HBO's Watchmen was, to put it mildly, a wild ride. The Damon Lindelof-created "remix" of the Alan Moore and Dave Gibbons comic book series of the same name offered fans epic plot twists, cutting commentary on issues of race and injustice, some truly weird sequences, Lube Man, some of the most intense and beautiful hours on television and, ultimately, both a sense of closure for the original comic book characters' arcs as well as a whole new world of questions and wonder just waiting to be explored. It's that whole new world that has fans, critics, and more wondering if there will be a second season of this critically-acclaimed series. It's a tantalizing thought, but here's the truth: Watchmen shouldn't get a second season. It doesn't need one and anything more simply wouldn't be Watchmen.
From the outset, Lindelof was clear that the nine-episode Watchmen series was meant to be a self-contained story, a limited series that had a beginning, middle, and end and that when the final credits rolled at the end of episode nine, the story that he was trying to tell with the series would be done. If Lindelof hadn't delivered on that, if episode nine, "See How They Fly," had left story threads dangling or hadn't completed the tale it wanted to tell then a second season -- even one show run by someone else other than Lindelof -- might make sense. But that's not what happened. Watchmen 100 percent delivered on its promise of a complete, fully-realized story.
When Watchmen ended, there were no lingering questions about the fates of the original Watchmen's heroes. We knew going into things that The Comedian and Rorschach are both dead. We soon learned that Nite Owl was in federal custody for violation of the Keene Act and that Silke Spectre was now FBI Agent Laurie Blake who, despite being apprehended as was Nite Owl, made a deal where she helped the feds hunt down vigilantes. As the series unfolded, we discovered that Adrian Veidt was, for a while, stranded on Europa and ultimately ended up being arrested by Agent Blake for his role in the Dimensional Incursion Event -- that giant squid fall that killed three million people. We also, sadly, see the ultimate fate of Doctor Manhattan play out as well when he is killed in a plot to strip away his powers so that someone else can have them. Nothing ever ends, but in terms of the stories of those original characters, their tales do.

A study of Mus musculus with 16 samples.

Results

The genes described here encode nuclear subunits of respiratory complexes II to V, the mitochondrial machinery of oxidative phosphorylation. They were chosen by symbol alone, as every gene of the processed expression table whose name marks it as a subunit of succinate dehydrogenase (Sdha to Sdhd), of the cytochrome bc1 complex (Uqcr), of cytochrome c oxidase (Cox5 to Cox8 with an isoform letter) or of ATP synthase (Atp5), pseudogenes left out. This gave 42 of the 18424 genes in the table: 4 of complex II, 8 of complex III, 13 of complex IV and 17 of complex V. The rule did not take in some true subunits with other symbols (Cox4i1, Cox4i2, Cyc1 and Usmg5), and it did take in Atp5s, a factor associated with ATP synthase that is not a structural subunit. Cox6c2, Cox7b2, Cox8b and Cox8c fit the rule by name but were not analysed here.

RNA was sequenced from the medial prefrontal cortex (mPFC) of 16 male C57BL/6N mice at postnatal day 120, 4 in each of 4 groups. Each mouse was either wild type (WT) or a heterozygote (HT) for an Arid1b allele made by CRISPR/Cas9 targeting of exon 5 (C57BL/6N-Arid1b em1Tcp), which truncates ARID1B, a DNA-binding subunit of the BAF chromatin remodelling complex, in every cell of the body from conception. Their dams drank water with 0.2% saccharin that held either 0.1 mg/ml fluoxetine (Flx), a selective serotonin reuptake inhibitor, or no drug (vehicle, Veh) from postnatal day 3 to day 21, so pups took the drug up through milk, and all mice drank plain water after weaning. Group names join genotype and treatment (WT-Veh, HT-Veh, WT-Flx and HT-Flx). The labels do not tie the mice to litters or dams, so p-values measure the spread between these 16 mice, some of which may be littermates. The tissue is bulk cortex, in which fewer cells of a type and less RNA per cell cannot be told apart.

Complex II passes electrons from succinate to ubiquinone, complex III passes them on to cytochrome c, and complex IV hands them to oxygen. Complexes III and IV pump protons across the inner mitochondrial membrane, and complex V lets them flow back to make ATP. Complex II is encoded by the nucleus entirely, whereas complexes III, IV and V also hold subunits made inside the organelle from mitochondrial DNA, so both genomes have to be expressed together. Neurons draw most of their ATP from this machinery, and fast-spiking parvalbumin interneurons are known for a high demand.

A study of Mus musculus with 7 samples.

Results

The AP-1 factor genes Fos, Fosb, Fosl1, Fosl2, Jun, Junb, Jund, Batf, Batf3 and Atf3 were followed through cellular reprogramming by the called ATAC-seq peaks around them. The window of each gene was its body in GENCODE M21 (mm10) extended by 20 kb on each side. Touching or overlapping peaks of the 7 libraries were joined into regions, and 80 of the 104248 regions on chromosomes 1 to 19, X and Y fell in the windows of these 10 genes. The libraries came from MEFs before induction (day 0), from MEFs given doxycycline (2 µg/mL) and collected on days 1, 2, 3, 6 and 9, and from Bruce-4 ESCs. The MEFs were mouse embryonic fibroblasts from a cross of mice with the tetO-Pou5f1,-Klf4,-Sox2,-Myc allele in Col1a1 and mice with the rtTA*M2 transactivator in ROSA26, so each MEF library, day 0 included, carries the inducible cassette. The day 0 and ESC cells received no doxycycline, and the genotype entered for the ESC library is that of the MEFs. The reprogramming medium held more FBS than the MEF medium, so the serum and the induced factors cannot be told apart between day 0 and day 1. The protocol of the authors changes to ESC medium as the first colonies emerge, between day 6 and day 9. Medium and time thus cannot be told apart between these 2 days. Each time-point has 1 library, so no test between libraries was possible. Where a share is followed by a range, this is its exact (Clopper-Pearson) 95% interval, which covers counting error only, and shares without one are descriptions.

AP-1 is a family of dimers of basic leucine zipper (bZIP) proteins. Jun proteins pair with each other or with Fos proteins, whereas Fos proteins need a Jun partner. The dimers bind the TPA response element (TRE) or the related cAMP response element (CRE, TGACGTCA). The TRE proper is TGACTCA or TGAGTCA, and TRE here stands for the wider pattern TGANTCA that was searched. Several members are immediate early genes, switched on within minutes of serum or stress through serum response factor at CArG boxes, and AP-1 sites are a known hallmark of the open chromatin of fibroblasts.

That right there is reason enough that Watchmen should be a one and done. How do you have a series called Watchmen that doesn't really include the original Watchmen? Part of what made the HBO series so good was that it struck a fine balance between the source material and the new story with the heritage material being what made the show Watchmen. While one could accurately argue that the final shot of the season left a door wide open to tell a story about Regina King's Angela Abar and her newly-granted Doctor Manhattan powers (if that's what happens in those final moments, that is) that story itself would still not be Watchmen.
A huge component of Angela's story centers around white supremacy. One of the very first things we hear the character say is that she has a "nose for white supremacy" and that the guy they've just arrested "smells like bleach". It's white supremacy that kills her husband, Cal Abar/Jon Osterman/Doctor Manhattan. If Angela now has the powers of a god, the natural extension of her story post-season one is for her to take on white supremacy in a truly epic fashion. While that would certainly make for a truly epic tale as it would allow the show to dig a bit deeper into those elements than season one did, the end result wouldn't be Watchmen. It would essentially be a "Sister Night, The Nun With the Mother****** Gun" series at that point.
And, to be clear, we'd watch that. It's just not Watchmen, nor should it be.
At the time of this writing, Watchmen hasn't been renewed for a second season by HBO and it may not be, but the buzz is already out there and from a business perspective a second round of Watchmen makes a lot of sense. While the comics series Watchmen is extrapolated from is an iconic work, it's also a little bit niche, but despite that the series had wide appeal with viewers and quickly captured not only the pop culture conversation but had decent ratings as well. With the series being so successful, one can see why HBO would want to do a second season. But they shouldn't. Lindelof's series offered an elegant and somewhat definitive close of what the comic books started while also offered viewers new themes to consider and a lot to carry around and unpack for years to come. Anything HBO would attempt beyond this would simply be a capitalization on this season's success.
And it certainly wouldn't be Watchmen.